Last week, a photograph that appeared to show six women wearing burqas on a bus sparked a heated debate in a private Facebook group for Norwegians critical of immigration.
For many members of the group, which is called “Fedrelandet viktigst” or “Fatherland first,” the image encapsulated the problems Norway was facing after an influx of Muslim immigrants in the past few years.
It also played into a continent-wide debate about Islamic dress across Europe. Norway's right-wing government recently proposed a law that would ban some forms of dress worn by Muslim women in schools and universities — the first Scandinavian country to do so.
The burqa, a long, loose veil worn by some Muslims in Afghanistan and other parts of South Asia, would be restricted under the law, as would the face-covering niqab more commonly worn in Arab countries. Masks and other items of clothing that cover the face would also be restricted.
Some group members took the picture — posted with the comment, “what do people think of this?" — as proof that a ban was needed. More than 100 soon commented on it. “It looks really scary, should be banned. You can never know who is under there. Could be terrorists with weapons,” one user wrote, according to a translation from the Local website. Others described it as “frightening” and “tragic.”
However, when you look at the photograph above more closely, it may become apparent that the photo itself is irrelevant to any debate about Islam in Norway. Why? Well, those are not burqas. They're bus seats.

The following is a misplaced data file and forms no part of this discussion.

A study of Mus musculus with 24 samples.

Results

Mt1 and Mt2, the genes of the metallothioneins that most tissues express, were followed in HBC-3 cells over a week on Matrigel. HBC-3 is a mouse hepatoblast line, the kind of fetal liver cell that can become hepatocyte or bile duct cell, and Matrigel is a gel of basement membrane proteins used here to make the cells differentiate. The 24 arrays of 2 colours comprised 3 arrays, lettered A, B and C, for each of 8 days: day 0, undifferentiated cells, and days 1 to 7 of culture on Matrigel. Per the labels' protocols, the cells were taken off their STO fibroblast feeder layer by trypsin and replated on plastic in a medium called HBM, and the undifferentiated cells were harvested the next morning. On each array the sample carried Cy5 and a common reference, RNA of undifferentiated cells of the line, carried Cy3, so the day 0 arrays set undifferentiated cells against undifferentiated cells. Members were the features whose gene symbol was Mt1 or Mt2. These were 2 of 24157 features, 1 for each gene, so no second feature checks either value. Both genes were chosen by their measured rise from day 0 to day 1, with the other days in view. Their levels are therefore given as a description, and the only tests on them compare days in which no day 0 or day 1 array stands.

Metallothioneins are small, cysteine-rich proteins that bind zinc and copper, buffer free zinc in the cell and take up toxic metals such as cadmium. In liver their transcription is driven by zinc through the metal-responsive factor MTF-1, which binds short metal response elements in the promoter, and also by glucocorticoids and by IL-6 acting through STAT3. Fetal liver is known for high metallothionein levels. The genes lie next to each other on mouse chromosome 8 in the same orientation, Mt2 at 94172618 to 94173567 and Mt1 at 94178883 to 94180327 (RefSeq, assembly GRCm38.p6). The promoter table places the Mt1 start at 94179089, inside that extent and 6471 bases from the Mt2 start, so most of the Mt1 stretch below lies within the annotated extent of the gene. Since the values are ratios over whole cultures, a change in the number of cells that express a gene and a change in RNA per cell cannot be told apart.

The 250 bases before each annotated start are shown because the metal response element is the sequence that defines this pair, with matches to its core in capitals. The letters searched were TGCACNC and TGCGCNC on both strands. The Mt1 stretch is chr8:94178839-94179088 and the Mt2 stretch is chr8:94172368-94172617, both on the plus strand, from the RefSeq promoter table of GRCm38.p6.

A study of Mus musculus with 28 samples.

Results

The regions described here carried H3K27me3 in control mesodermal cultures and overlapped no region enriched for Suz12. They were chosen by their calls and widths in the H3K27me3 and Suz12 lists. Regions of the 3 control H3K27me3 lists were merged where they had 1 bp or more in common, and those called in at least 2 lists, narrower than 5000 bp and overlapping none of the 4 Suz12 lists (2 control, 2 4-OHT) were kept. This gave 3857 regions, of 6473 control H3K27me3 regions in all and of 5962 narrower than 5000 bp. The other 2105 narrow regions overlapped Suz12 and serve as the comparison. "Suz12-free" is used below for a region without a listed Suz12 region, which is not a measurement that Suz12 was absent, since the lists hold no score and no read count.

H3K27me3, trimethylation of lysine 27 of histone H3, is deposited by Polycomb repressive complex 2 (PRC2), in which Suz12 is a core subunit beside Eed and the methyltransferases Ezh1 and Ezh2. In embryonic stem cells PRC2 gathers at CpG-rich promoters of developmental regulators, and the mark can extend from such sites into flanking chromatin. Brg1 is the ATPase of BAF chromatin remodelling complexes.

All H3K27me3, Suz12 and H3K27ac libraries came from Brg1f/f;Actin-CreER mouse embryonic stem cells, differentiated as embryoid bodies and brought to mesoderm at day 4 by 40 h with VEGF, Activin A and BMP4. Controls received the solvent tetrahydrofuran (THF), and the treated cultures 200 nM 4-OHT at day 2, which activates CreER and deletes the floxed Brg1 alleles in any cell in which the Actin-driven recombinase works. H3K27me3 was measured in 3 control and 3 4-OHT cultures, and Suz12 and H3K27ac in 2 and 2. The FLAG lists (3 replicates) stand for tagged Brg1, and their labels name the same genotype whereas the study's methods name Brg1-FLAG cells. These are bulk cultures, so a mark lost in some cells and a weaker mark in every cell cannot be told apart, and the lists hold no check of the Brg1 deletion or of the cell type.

Johan Slattavik, the user who initially posted the photographs to Fedrelandet viktigst, told WorldViews in a Facebook message that he had been bored one night so he decided to play “a little practical joke.” Slattavik said he was curious to see how people would react. “I laid out the photo to see what happened,” he said, adding that he was shocked so many people fell for it.
“I ended up having a good laugh,” Slattavik said.
The strange situation went viral in Norway on Friday, when another Facebook user named Sindre Beyer posted images of the exchange to his own Facebook page. “What happens when a photo of some empty bus seats is posted to a disgusting Facebook group and nearly everyone thinks they see a bunch of burqas?” Beyer wrote, along with two embarrassed emoticons.
Beyer's images of the “Fedrelandet viktigst” Facebook were widely shared, attracting more than 1,600 shares and almost 3,000 likes. Many mocked the anti-immigrant tone of the original comments. “Then it is proven: The meanest are also the stupidest,” wrote one. Another offered their own interpretation of the image: “Think I passed the test, since the first thing I saw was a bunch of Darth Vaders.”
Beyer told Norwegian news outlet Nettavisen that he had shared it so “people could see what's happening in the dark corners” of the Internet.
The mockery has resulted in some angry reactions, Slattavik said, but he did not take them seriously. “I would say that has also been educational,” he said. “I have thought about the differences between legitimate criticism of immigration to Europe and blind racism and xenophobia. I wanted to look into these differences: something I think I have achieved by setting up this practical joke and watching the reactions.”
Norway is one of a number of countries in Europe that has proposed laws that restrict the wearing of burqas and niqabs, but these restrictions have faced criticism from those who say they further isolate Muslim immigrants. After Germany proposed a ban on full-face veils last year, some German journalists argued that burqas and niqabs were worn by only a tiny fraction of Muslims in the country.